Black people disproportionately strip-searched by police in England, Wales

Xinhua
Black people are "disproportionately strip-searched by nearly all police forces" in England and Wales, a recent analysis of new Home Office strip search data shows.
Xinhua

Black people are "disproportionately strip-searched by nearly all police forces" in England and Wales, a recent analysis of new Home Office strip search data shows.

According to a study by the Runnymede Trust, an independent British race equality think tank, Black children are 6.5 times more likely than white children, and Black adults 4.7 times more likely than white adults, to be strip-searched by police.

The data comes alongside a Home Office consultation on the use of strip searches against minors. This follows the Child Q scandal in 2020, during which a 15-year-old Black girl was strip-searched while on her period at her school in East London without an appropriate adult present after being wrongly accused of smelling of cannabis.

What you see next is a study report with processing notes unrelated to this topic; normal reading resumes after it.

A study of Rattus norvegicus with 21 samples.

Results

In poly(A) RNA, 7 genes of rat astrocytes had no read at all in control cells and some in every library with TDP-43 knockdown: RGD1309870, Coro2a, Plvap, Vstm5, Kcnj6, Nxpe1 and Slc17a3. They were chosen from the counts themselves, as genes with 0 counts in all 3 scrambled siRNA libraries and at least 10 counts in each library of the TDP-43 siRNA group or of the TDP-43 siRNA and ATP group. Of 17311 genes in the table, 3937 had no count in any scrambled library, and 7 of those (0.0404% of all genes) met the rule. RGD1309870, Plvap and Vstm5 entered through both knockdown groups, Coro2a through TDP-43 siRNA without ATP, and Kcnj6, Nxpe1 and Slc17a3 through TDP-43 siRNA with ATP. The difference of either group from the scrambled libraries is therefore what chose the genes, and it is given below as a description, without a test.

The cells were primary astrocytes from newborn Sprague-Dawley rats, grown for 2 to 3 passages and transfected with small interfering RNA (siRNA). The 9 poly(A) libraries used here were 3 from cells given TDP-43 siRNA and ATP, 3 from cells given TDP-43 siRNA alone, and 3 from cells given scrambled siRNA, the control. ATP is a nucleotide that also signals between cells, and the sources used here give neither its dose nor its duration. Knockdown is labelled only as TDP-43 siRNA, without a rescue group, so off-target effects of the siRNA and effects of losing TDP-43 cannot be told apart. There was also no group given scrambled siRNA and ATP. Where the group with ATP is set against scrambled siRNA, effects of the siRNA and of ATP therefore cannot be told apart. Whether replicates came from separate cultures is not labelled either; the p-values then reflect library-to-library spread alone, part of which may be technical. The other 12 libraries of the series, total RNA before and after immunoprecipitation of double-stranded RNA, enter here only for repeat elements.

"Strip searching is such an invasive procedure, and when deployed with this level of racialised disproportionality, the harm reaches way beyond the individual child or person," said Shabna Begum, chief executive of the Runnymede Trust, describing the practice as "inherently violent, humiliating and harmful, especially for children."

The study revealed that more than 47 percent of strip searches conducted on children in London are on Black children, even though they constitute only 16.9 percent of the city's child population.

In Sussex, a Black person is 18 times more likely to undergo a strip search compared to a white person.

"If we actually want to build safer communities and safeguard our children, we need to invest in our social infrastructure and ensure people have the opportunities and resources to thrive and flourish," Begum said.

"We cannot continue to be told by politicians across the political spectrum that so-called 'tough on crime' policies are the solution to social problems," she added.